First, Udaipur is a big city and has a lot to offer so 3 days is a short time for it. I missed a lot of spots I wish I had been to. And, I don’t like rushing through the spots just to cover places.
We were living near Pichola Lake. That’s the old-Udaipur. So, you see lots of forts, which are now converted to hotels. Sometimes, I even felt that few of them have been purposefully constructed to give you a feel of a fort/haveli to charge more. 😛 Especially, Hotel Udaigarh, where we ended up staying, thanks to the site- Agoda
The hotel is still under construction and while it is coming up fine, I would rather have come to it an year later than now. There are lots of details which need filling up for it to become a functional, likable hotel.
Anyways, old-Udaipur. You find so many foreigners there that you feel like you’re somewhere outside India.
The place has narrow, rising and falling streets, which remind you of the eras gone by. You can pretty much picture the artisans and the traders putting up bazaars there. Women walking on roads, wearing ghagra-choli, carrying a child side-ways. ..And, palanquins being mounted/unmounted, for the royals, at the lake side. It’s so …historical!
Turn around the corner, and you find a Rajasthani woman, turning around, looking back at you with those beautiful, earthy eyes, holding her dupatta in her mouth, partially covering her face. It’s so real, but it’s only a painting hanging on an artist’s cafe.
Go further, and you can see metal cages and other sorts hanging in a shop, somewhere there will be pretty bandhej dupattas/stoles, mojaris or tailored suits. And then there was the German Bakery. I have to say, it had the most amazing of Date and Walnut Pie. Have it with the local tea (not the machine one) and you’re gonna keep coming back to Udaipur just for that experience.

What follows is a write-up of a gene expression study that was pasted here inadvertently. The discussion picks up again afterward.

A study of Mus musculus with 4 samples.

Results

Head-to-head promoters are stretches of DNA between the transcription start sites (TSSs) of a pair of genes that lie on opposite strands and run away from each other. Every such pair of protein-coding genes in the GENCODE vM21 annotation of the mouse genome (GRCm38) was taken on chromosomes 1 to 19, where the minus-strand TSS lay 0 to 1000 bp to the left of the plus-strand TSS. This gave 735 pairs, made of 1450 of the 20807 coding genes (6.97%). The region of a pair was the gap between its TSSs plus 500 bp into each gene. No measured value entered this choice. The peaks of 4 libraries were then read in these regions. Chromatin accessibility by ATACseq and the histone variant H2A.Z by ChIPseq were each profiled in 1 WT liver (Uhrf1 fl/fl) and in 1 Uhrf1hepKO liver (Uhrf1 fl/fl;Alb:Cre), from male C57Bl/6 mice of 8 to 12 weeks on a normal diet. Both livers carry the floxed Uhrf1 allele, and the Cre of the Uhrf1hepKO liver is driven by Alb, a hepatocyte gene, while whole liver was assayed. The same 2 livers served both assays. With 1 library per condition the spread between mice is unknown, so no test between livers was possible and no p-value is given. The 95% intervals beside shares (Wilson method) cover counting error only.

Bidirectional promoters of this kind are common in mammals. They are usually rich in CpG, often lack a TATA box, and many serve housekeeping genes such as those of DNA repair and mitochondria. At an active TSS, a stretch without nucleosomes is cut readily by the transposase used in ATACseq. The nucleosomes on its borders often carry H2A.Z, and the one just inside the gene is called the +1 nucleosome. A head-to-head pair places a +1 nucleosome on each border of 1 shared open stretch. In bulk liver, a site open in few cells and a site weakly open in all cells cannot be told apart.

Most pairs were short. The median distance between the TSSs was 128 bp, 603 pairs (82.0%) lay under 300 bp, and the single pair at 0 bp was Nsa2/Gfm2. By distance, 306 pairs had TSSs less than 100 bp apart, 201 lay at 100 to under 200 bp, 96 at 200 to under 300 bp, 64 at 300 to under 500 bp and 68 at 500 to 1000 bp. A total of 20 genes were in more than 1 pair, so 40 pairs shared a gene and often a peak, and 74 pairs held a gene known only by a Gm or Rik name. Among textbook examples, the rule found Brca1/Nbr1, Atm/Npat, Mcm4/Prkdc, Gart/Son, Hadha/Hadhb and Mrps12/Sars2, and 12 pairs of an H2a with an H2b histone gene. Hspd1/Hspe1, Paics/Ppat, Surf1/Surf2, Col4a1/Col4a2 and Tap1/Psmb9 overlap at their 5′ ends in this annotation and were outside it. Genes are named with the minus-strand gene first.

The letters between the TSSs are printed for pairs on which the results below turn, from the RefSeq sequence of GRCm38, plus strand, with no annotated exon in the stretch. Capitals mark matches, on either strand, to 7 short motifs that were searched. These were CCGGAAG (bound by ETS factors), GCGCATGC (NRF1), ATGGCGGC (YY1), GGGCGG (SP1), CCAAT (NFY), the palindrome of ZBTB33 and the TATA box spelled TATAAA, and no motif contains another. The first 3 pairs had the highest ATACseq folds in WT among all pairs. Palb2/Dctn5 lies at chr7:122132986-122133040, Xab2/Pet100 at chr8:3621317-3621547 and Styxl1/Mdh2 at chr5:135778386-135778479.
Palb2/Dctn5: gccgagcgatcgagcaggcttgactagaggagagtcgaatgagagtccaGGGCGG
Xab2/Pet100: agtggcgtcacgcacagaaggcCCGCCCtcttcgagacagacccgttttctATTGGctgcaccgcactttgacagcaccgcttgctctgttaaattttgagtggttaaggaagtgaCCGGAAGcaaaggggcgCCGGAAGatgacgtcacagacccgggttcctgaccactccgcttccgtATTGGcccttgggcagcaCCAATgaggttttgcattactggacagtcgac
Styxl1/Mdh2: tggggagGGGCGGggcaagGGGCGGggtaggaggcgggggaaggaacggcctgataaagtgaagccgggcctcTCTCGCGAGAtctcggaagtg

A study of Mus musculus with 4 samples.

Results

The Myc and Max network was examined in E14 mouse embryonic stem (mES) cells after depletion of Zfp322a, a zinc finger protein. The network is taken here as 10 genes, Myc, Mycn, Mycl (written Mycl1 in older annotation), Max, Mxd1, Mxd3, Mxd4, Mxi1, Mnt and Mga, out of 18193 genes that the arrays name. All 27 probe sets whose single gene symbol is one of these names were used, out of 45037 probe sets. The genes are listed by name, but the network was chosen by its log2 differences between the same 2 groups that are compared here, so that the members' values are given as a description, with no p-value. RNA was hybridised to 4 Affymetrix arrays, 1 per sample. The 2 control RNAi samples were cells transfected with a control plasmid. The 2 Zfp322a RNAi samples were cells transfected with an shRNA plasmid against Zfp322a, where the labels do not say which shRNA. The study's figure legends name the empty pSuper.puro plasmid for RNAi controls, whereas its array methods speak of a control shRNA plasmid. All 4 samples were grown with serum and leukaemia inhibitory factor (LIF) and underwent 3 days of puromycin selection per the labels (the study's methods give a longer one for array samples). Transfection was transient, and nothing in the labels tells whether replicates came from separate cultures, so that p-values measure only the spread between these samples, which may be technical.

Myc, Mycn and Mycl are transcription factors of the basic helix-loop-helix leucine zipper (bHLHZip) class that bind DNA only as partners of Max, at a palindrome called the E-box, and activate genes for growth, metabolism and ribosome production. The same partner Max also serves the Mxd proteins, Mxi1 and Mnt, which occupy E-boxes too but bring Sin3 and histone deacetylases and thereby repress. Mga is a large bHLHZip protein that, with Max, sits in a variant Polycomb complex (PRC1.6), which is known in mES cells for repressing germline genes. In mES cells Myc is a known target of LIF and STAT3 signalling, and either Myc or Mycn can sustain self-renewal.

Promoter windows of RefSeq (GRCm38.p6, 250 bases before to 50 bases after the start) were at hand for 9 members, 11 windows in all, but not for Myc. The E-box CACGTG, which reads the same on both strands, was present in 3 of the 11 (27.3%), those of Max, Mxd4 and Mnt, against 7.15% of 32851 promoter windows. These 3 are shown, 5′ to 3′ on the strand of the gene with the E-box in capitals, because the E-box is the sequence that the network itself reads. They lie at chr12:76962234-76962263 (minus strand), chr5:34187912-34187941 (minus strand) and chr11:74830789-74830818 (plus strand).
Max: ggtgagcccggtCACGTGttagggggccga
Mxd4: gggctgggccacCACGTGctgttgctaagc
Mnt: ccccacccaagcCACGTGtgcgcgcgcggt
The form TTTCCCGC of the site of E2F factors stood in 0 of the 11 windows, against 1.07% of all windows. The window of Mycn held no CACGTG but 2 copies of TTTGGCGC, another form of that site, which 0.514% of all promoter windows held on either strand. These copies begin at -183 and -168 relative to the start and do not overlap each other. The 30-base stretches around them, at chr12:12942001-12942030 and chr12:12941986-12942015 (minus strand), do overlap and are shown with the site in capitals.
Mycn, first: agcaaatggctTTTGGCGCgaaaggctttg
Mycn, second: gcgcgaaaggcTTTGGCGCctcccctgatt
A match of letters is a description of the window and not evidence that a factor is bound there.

I totally loved the whole modern-mixed-with-old feel the area had. No cars honking around you. Only autos. (The streets are too narrow for cars to reach in). Some places, even autos can’t go and you have to get down and walk. But, all of it, adds to the charm.
The modern-Udaipur, is totally opposite. You get a glimpse of it when you visit Fatehsagar lake. The open, broad roads, well-developed markets and houses, road-side chaat/coffee shops. The good thing is, it’s quite clean. While I found Lake Pichola still dirty, Lake Fatehsagar and the vicinity was much more cleaner and better kept. Also, people are quite civilized. Actually, if you compare with NCR, where-ever you go, you find people nicer and much better behaved. They even offer you help. 😛
The best view of the trip: Has to be the Nehru Garden in the middle of Fatehsagar lake. I went there in the evening. The waters, the lone-standing Sajjangarh fort on the tall mountain in the front, watching a bird take a long flight. Ohh, the experience was magical. Feel the breeze, the water, the sound, the silence. I could almost imagine myself coming there often in evenings for some quite. It was beautiful.
At the time when I went to the garden, I didn’t know it was the famous Sajjangarh fort. It just reminded me of Hyannis Port of Daniel MacGregor (a character in a novel I read). In the novel, he creates a big, beautiful castel-like house on the top of the mountain, quite aloof from the city. It’s kind of a foundation he puts there. Which his family, his children, his grand-children can come to. I loved the idea. And, I loved the picture of it in that fort. 🙂
I wish to go again there soon. I can’t accept not having visited all parts of that beautiful city.